You're Stepping on My Costume! Tips for Fans Waiting in Line

"Twilight" is screening around the city starting at 12:01AM on Friday, November 21. It's a date -- and time -- that fans have been waiting for, and we're guessing, like all major genre movies, the snaking, block-wrapping lines outside the theaters will be growing throughout the evening.

With that in mind, we pinged filmmaker Dennis Przywara, who wrote and directed "Starwoids," a cinematic love letter to all the die-hard, gotta-brave-the-elements fans who spent a month+ in line while waiting to see "Star Wars Episode I: The Phantom Menace" outside the Chinese Theater and Bruin. Here's his been-there-done-that advice for making the most of your wait in line (and the best way to get the seat you desire once inside):

1. Go to the bathroom early, so when they start letting you in, you can jump right to your seat. (Our add: If you have to go to the bathroom often, make sure you're in line with a pal who can hold the spot.)

2. Make sure if you DO bring a chair to wait in line in, you put it away JUST before they let you in. You can't imagine all the fans in a scurry when the line is moving and people still have all of their bulky valuables there. (Oh man, yes! We've seen it.)

3. Go right to your seat as soon as they let you in!  Once you find spots for you and your friends, THEN you can go to the concession stand. (We're having a medium popcorn, extra butter please.)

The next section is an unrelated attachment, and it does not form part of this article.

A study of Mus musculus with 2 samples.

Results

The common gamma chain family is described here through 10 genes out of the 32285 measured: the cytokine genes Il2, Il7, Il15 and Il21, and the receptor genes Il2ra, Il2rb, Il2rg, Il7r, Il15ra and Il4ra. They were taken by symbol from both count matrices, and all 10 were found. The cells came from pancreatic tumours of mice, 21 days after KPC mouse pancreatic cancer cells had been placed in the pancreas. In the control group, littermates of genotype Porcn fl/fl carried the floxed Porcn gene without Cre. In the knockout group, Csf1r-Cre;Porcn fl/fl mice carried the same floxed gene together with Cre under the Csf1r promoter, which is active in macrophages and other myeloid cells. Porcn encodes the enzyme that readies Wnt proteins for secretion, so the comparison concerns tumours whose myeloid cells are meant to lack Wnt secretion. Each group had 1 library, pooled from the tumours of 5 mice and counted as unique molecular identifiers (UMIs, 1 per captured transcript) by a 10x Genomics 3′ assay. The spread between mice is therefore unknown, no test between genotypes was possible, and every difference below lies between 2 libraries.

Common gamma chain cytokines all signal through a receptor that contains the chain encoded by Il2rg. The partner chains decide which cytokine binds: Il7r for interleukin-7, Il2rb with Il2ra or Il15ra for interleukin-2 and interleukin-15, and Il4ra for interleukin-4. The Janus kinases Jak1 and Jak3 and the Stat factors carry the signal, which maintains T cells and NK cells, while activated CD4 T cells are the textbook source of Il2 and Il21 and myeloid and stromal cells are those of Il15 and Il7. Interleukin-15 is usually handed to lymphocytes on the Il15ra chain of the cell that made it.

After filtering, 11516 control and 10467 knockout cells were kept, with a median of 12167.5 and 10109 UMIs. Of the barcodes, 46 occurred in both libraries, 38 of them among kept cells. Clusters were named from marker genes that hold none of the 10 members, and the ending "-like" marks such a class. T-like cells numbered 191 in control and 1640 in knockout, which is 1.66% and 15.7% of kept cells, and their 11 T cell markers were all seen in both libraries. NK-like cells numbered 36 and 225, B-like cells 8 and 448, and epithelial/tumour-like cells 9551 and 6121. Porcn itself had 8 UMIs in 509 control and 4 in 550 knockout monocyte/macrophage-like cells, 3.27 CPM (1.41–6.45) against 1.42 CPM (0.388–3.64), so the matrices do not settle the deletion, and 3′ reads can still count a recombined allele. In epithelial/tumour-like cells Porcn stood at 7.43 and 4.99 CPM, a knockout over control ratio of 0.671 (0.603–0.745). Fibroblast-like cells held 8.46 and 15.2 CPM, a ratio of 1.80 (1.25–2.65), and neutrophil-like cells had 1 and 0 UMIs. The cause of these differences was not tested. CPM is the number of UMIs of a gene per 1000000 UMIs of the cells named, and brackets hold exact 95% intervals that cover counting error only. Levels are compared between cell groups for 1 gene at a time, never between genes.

4. When finding seats, sometimes it's better to sit above or below each other than straight across. By sitting above/below, you can chat BEFORE the movie, where it's harder when there is nine people across. Also, it creates a "safe" barrier around you so you know people won't be talking around you. (Shhhh!)

5. Shut off your cell phones, etc.  We hate you when you don't!

6. Make sure when they let you in, have tickets ready! Fumbling through your wallet to find them messes it up for the people behind you in their quest to get a good seat. (Seriously. We know that because we've fumbled and lived to regret it.)

7. Bring something to read both out and IN the theater.  If you have to wait more than an hour in the theater, a mag is great.

Oh, we feel pumped now. And with so many big, splashy, pony-up-to-the-line movies just ahead, we think we'll go stand in some lines just for practice.